Keeping Family Traditions Alive after the Death of a Loved One
When you lose a beloved friend or family member, you do not just lose a person—you are losing all the things that person brought to your life. From the laughter they shared to the moral support they offered every time you needed it, someone who was important to you is likely to leave a large hole in your life once they are gone.
This is especially true during holidays, life’s milestones, and all those times that family traditions came into play. Maybe your grandmother made her famous squash casserole for every Thanksgiving dinner. Perhaps each summer was spent enjoying time at a favorite aunt’s rustic cabin. You might even be missing the simple joys of coffee and conversation every morning with the neighbor next door.
No matter what shape your traditions take, it is important to keep them going long after you experience a loss. Not only will you be able to work through your own grief in this way, but you can create lasting traditions that can be passed along to future generations.
Define Your Traditions
The best way to keep family traditions alive is to first explore what those traditions are. Some traditions (like opening presents on Christmas Eve or spending the Fourth of July at the lake) are easy to define. Others are much more subtle. Start by making a list of all the things you loved to do with the deceased—no matter how big or how small—and move from there.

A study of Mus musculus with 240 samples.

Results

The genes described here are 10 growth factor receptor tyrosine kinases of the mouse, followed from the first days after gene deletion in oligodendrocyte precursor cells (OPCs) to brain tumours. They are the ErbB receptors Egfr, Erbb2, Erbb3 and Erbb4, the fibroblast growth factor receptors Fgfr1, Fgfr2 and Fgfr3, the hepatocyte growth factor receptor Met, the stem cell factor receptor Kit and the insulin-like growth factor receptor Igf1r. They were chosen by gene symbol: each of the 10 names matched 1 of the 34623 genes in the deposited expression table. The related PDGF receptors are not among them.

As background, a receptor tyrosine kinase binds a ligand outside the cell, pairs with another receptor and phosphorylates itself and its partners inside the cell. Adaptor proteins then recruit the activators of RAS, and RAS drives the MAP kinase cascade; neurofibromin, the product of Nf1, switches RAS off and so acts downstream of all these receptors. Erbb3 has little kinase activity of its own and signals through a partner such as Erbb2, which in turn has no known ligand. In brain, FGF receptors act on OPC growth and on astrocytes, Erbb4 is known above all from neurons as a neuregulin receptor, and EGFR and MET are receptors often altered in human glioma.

The next important step is to store these traditions someplace where they are accessible for the future. Keep a calendar so you do not miss important dates. Put the traditions up on a social media page or website so others can contribute to it. Write them down or print them out somewhere that your children and your children’s children will have access so they can build on the traditions as they move through their own lives.
Of course, some traditions might not be possible to continue following the death of a relative (if, for example, their house was sold as part of the estate), but you can re-create them in ways that bring you and your family joy.
Set Aside Money and/or Vacation Time
In our fast-paced, expensive way of modern life, some traditions might seem inaccessible. For example, you and your siblings may have made sacrifices to come together for the holidays every year for the sake of an older parent who could not travel but still wanted everyone under one roof. It can be tempting to set this tradition aside after your loss, but do what you can to keep it going.
Set money aside for a family gathering every year, even if it is somewhere new and overlaps with your usual vacation time. Meet over video chat if you cannot be together face-to-face. Come up with a way to honor your loved one in a location that you all want to visit. These sacrifices might not be easy, but they are almost always worth it.
Sometimes, the smallest gestures mean the most. An activity as easy and inexpensive as carving a pumpkin at Halloween can keep the family spirit strong. Stringing popcorn over the tree costs pennies and can mean everything to the young and young at heart. Any gesture that reminds you of your loved one is worth the effort—and worth doing every year to keep them in your heart.